Blogs in this series

Life in Culebrón is a disconnected series of pieces about the banal and ordinary of everyday life in an inland Alicante village seen from my very British perspective.

Sunday, March 20, 2011

La Colonia de la Sierra de Salinas

In Cambridgeshire Henry Morris invented the Village College to try and help to stem the flow of country folk to the towns. In Spain the 1907 Law of Interior Colonization and Repopulation had a similar aim.

Today we drove up the Sierra de Salinas mountain chain on the recommendation of one of our pals who had been up there on his bike. It was a lovely spot on a splendid blue sky day. Along the route we passed through an area that was signed as La Colonia de la Sierra de Salinas where, according to the information boards, 49 "poor but suitable" families were given their share of 1400 hectares of public land to farm in 1914. Each tenant received a house, land, a cart, a horse and farming tackle with which to try and cultivate the typical Mediterranean crops of grapes, olives and cereals.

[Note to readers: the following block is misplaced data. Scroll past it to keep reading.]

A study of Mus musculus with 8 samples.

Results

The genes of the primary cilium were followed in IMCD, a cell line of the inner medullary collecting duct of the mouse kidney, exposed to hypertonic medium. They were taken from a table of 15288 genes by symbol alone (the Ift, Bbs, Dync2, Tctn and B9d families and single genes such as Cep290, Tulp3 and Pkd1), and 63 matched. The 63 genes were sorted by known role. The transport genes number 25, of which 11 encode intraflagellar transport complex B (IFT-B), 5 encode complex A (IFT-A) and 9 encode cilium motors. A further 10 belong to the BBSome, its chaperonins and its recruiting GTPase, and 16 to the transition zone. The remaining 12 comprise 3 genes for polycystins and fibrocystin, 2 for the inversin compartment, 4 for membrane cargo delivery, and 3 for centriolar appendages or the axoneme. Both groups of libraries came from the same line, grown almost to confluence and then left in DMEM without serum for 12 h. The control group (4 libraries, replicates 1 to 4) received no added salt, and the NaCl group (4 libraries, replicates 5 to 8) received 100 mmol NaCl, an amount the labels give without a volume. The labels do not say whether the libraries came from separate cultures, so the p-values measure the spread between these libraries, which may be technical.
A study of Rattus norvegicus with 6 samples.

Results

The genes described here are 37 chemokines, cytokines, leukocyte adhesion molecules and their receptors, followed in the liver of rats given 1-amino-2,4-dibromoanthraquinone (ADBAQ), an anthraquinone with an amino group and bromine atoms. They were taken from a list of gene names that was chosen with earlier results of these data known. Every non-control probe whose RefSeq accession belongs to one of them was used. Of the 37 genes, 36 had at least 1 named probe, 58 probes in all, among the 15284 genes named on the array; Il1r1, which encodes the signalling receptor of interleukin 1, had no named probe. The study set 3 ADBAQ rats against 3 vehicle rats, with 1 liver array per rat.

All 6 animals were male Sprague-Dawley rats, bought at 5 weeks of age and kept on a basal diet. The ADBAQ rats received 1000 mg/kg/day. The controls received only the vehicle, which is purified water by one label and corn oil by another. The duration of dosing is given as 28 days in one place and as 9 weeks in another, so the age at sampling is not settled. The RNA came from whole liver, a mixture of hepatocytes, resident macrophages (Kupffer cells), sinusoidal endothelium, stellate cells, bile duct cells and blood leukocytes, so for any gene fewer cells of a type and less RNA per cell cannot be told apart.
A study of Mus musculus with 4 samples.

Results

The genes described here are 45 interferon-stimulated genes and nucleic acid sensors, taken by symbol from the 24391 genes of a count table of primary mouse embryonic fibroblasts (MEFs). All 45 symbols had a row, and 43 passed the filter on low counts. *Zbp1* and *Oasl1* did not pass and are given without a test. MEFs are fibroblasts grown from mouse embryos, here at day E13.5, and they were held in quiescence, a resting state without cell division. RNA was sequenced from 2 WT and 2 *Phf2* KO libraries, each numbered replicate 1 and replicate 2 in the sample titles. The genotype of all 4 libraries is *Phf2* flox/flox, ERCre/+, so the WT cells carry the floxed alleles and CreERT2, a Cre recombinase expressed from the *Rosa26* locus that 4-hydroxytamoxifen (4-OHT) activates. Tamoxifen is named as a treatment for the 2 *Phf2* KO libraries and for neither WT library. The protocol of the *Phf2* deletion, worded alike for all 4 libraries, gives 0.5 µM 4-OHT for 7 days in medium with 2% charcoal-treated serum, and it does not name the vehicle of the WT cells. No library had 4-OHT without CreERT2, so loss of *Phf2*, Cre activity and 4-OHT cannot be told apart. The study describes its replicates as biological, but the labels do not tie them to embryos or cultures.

As well as the 49 houses the Colony also had some public buildings namely a storehouse, a police post, an administration block, a school and a church. I noticed there was no bar or other social area which sounds, to me, like a grave oversight for any Spanish community.

At its height the colony had 287 inhabitants but the bad harvests, the outbreak of the Civil War, and the general harshness of rural life half way up a mountain meant that the colony was abandoned. Nowadays the homes are used as weekend cottages.

We drove down to Villena after our visit to get a bite to eat, exhausted by our exertions. The Colonists used to need a whole day to make the same journey. Maybe they got a spot of something when they were in town too.